Tesla’s autonomous driving package, known as Full Self Driving or FSD, is about to get pricier.
Early Thursday, Tesla CEO Elon Musk announced that the price for the next-level Autopilot system is going up by $2,000. It’s currently listed at $8,000 on the Tesla website.
Now that Tesla FSD beta is out in limited release, FSD price (new or upgrade) will go up by ~$2k on Monday
— Elon Musk (@elonmusk) October 22, 2020
FSD is strange in that Tesla charges people for self-driving features that aren’t available yet. Eventually, Musk envisions Tesla vehicles operating as robotaxis with no one at the steering wheel.
If you snag the current $8,000 price for FSD, you’re (in theory) locking in future capabilities for your electric vehicle. Tesla even tries to scare customers into adding the autonomous mode with the threat that “prices are likely to increase over time with new feature releases.”
The price for FSD has been inching up over the years. Just this summer, Tesla bumped the price up another $1,000 — for autonomous features that weren’t available until Tuesday night to a small group of select drivers. Now that some beta users received the initial FSD rollout, Musk is pushing up the price to $10,000.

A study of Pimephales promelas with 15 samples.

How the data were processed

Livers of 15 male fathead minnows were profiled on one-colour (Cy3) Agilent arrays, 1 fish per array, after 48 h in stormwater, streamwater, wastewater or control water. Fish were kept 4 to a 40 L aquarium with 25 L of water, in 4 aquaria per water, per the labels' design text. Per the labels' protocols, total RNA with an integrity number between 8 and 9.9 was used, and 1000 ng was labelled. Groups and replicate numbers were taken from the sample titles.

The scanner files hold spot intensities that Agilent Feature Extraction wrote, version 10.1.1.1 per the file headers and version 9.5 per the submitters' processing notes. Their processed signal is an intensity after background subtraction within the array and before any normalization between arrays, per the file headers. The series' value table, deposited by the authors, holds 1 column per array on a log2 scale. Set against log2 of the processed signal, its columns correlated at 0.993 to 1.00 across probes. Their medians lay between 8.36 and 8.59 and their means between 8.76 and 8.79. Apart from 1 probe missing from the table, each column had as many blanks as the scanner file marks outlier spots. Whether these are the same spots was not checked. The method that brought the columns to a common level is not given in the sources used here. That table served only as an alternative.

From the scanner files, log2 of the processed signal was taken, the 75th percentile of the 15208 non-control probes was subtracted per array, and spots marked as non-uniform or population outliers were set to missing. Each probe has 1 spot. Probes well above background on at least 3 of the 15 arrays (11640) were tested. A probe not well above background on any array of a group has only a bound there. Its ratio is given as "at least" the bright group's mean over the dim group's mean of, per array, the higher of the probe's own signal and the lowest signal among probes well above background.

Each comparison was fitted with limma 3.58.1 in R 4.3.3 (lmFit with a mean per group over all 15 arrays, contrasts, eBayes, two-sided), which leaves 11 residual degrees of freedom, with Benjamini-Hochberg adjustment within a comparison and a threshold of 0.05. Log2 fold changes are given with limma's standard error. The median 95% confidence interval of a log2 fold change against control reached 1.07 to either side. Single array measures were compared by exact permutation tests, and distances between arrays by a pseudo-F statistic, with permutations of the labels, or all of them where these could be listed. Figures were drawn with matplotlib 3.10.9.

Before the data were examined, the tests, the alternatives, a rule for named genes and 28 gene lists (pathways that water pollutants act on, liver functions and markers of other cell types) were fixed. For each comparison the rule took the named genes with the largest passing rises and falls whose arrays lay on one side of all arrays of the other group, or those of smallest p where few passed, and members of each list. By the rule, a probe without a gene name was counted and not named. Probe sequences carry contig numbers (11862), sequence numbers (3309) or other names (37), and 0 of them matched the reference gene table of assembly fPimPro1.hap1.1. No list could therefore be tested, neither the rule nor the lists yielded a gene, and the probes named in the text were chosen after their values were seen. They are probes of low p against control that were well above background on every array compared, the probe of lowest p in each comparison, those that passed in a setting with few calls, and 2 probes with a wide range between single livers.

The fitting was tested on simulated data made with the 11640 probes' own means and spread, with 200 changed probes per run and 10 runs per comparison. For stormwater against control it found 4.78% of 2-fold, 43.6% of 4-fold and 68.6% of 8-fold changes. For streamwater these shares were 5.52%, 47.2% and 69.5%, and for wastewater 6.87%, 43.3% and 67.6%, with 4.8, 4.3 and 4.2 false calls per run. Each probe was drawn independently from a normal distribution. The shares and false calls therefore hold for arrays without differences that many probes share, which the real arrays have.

On Tesla’s third quarter earnings call Wednesday, Musk shared a bit more about the limited release of the FSD features. He said it allows Tesla cars to autosteer on city streets, which was previously only available on highways and major thoroughfares.
Only some early users received the autonomous upgrade this week. “We’re starting very slow and very cautiously because the world is a complex and messy place,” Musk said on the call. Nothing about what the new package includes has been posted yet.
That might change when more people receive the new features. Musk said by early next week more early users will have it and “hopefully” a wide release to eligible Tesla owners will be available by the end of the year.
He promised that FSD will improve as more people use it in the wild. “As it collects more data it gets more robust,” he said.
The Self-Driving Coalition, which includes Waymo, Lyft, Ford, Aurora, and other autonomous vehicle companies, sent out a reminder that Tesla’s “self-driving” package is not truly autonomous. As the mobility industry standards from SAE International lay out, fully self-driving vehicles don’t require a human to take over in nearly every situation. Tesla’s Autopilot and new FSD package still require drivers to pay attention to the road and vehicle.